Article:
Circular Trading is not a new concept in India, it has been ever existing in the Indian Market, but many tend to believe that it only takes place in the stock market. However, that is not the case, Circular Trading can also take place into companies or trading businesses. Before we further get into the depth and analysis of circular trading, let’s start with the basics and try to understand the following aspects.
Circular trading refers to issuing of invoices in transactions among multiple companies without actual supply of goods. This is done to use input tax credit in the GST regime, meaning Circular Trading is a type of cycle that takes place when a company tries to create a flow of fake sales transaction with its collusioned parties by producing fake invoices.
This type of cycle basically creates a huge financial impact on companies’ accounts. This approach of fraud helps companies to inflate their turnover, gain larger loans from financial institutions or banks and also avail GST credits on every lap of transactions done, ultimately raising the black money.
There is no clear definition of Circular trading in GST , we will try to understand the concept under different circumstances and try to seek the answer whether in the below examples, Circular trading happens or not?
Example 1: Let’s say Company A is into trading of Gold and supplies, and sells goods to Company B, and Company B sells the same goods to Company C, Company C sells the same goods to Company D and Company D sells to Company E and finally E sells the goods to company A. or Company A purchases the exact goods from Company E, hence completing the cycle.
Here before deciding whether the above flow of transaction in example 1 is a circular transaction or not we have to answer the following unanswered question
1) Whether the company A was having the physical goods in his inventory before he sells to Company B?
2) Whether in the journey of flow of transaction from Company A to Company E, whether any third party Logistic services provider are deployed to collect and deliver the goods to Company B, C, D, or E?
3) Whether in reality the goods are moved from one company to another?
Example 2 : Suppose Company A sells goods to company B -100 Kgs, Company B sells goods to Company C – 85 Kgs, Company C sells goods to Company D -70 Kgs , and Company D sells to Company E -65 Kgs, and Company E sells goods to Company A – 65 Kgs . Now the unanswered question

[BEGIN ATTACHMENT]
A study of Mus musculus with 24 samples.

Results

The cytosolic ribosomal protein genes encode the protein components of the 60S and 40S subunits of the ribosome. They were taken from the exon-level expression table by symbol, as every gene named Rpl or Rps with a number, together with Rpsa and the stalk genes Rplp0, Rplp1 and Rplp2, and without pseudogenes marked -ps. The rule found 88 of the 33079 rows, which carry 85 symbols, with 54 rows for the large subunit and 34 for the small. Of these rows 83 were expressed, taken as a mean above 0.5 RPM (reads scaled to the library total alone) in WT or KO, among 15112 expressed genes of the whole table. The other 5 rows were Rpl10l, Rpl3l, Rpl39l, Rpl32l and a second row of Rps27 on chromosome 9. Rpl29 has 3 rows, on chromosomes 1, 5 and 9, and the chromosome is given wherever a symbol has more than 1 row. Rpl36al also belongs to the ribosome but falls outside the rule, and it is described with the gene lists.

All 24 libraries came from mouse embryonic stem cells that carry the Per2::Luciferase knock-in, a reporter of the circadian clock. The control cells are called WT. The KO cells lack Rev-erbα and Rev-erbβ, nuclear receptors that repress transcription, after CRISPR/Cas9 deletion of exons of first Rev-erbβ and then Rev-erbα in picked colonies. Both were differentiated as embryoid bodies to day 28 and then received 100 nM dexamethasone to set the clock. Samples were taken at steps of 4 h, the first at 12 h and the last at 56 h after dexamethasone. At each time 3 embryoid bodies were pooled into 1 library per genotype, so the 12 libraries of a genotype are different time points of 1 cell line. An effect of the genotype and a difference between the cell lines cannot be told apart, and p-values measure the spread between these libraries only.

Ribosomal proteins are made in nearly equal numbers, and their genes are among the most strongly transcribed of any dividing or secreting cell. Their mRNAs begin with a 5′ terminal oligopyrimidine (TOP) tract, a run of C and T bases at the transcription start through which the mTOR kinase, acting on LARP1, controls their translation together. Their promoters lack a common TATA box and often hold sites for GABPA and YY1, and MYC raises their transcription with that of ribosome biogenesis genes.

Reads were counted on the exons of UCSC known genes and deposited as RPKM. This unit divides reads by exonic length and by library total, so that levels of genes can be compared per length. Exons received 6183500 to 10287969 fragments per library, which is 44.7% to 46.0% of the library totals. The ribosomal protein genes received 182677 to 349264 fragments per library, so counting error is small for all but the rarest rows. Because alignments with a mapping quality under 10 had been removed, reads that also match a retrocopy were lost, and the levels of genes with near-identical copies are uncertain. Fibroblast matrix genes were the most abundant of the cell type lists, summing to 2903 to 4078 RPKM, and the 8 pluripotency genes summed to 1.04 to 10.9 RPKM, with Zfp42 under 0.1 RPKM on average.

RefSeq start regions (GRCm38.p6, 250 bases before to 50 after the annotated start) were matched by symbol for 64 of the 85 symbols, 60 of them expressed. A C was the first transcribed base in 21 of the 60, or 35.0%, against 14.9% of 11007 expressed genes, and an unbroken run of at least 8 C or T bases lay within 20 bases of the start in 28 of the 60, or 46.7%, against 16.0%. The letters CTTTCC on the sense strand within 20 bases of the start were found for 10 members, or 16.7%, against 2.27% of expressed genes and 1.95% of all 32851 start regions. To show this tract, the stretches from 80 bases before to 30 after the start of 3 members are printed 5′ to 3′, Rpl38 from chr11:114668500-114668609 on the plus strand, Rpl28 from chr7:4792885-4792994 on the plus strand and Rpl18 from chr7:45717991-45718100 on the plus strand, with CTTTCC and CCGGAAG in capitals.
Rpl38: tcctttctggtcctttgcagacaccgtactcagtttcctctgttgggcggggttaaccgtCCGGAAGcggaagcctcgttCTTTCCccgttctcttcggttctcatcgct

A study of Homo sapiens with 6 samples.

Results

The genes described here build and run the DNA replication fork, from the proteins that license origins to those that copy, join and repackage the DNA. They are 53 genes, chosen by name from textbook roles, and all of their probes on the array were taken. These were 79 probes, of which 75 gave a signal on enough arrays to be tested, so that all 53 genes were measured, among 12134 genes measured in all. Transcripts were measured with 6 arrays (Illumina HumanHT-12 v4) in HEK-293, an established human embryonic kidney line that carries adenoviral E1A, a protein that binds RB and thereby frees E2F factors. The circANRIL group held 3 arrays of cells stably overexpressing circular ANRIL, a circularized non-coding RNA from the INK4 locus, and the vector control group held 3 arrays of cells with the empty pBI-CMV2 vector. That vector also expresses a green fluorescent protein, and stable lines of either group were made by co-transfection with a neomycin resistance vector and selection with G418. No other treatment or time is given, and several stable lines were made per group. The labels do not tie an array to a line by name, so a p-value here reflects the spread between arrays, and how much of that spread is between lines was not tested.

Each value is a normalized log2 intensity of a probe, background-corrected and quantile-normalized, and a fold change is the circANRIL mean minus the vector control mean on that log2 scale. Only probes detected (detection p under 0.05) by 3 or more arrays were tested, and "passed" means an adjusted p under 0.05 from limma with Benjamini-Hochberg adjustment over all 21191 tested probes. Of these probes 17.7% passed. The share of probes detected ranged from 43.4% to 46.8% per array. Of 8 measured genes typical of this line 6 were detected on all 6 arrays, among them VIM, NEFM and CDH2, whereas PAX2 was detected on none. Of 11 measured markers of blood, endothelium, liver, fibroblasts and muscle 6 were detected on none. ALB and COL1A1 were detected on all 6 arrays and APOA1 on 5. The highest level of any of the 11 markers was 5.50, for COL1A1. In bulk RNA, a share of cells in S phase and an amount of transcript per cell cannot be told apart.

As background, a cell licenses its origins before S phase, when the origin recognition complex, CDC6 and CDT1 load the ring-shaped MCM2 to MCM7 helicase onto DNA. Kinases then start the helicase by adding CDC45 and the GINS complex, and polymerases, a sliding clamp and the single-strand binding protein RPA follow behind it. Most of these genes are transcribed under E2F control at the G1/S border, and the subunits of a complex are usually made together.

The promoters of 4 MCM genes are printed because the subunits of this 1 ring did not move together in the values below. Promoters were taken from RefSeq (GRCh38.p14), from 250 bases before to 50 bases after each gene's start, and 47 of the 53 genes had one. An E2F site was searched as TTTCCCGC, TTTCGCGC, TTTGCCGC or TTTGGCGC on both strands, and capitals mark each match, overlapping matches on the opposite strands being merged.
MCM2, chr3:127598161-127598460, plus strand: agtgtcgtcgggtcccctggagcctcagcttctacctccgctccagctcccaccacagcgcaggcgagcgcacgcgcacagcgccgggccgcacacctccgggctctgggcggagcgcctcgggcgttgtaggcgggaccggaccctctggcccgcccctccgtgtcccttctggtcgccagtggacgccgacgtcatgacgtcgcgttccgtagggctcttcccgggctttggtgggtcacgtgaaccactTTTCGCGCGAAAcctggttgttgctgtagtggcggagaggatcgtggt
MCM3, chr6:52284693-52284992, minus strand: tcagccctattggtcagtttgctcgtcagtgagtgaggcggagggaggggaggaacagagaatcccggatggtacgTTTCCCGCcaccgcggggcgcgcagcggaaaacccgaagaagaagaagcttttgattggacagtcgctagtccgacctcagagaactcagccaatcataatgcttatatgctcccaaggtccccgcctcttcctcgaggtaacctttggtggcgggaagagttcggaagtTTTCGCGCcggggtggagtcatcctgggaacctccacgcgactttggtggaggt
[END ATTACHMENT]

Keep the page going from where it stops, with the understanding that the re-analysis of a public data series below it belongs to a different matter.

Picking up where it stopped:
1) The same goods came back to A but the quantity is not the same, so whether this can be treated as circular trading?
2) Simlarly, out of the total purchases of Company A, the purchases from Company E is only 10 to 20 %, and the remaining purchases of Company A are from other institutions such as banks, Exchange and imports from abroad so whether this transactions falls under the ambit of Circular Trading and can be treated as circular trading?
Example 3 : Suppose Company A sells goods to company B at Rs 1000, Company B sells goods to Company C at Rs 1010 , Company C sells goods to Company D at Rs 1070 and Company D sells to Company E at Rs 990 and Company E sells goods to Company A at Rs 1000.
1) From the above example it is imperative that there is a value addition at each level, but if the item of trade is such (like gold) where the price is determined on the basis of cost plus small margin or market price which level is low, so whether this tantamount to Circular trading?
In all the three examples, sale of goods has taken place and the title in the goods are transferred in the hands of the buyer . As per section 4 of Sale of Goods Act , ‘A contract of sale of goods is a contract whereby the seller either transfers or agrees to transfer the property in goods to the buyer for a decided price.
Consequence: Since the provision of GST for circular trading are very harsh and are covered under serious offense as non-bailable and cognizable offense, where a police department has the authority to arrest without a warrant and can begin an investigation without any permission of a court if the amount surpasses beyond INR 5 Crs.
In February and April, 2019, the Indirect tax department has raided in different states to unearth the transaction of circular trading. It is said that some companies prepared doctored invoices of INR 25,000 crore to avail advantage of GST credit or input tax credit.
Input Tax Credit is a mechanism where a company at the time of paying tax on output, can claim the tax that have already paid on inputs. For instance, a company A has a tax payable on output (Final product) is INR 5000 and tax paid on inputs (Purchases) is INR 4000. Here, this company can claim input credit of INR 4000 and will be taxed only the difference amount that is INR 1000.
Conclusion : In the absences of the clear cut definition of circular trading there is lot of confusion in the trade and industry. The government (GST Council) should come out with the clear policy, FAQs and DO and DON’T as when the transactions are to be treated as Circular Trading.
When there are no clear guidelines on Circular Trading , the harsh provisions of imprisonment cannot be left at the discretionary of the GST officers, which has a very big and direct impact on the reputation of the businessman in particular and the business community at large, and such provisions should be either diluted or deleted from the act.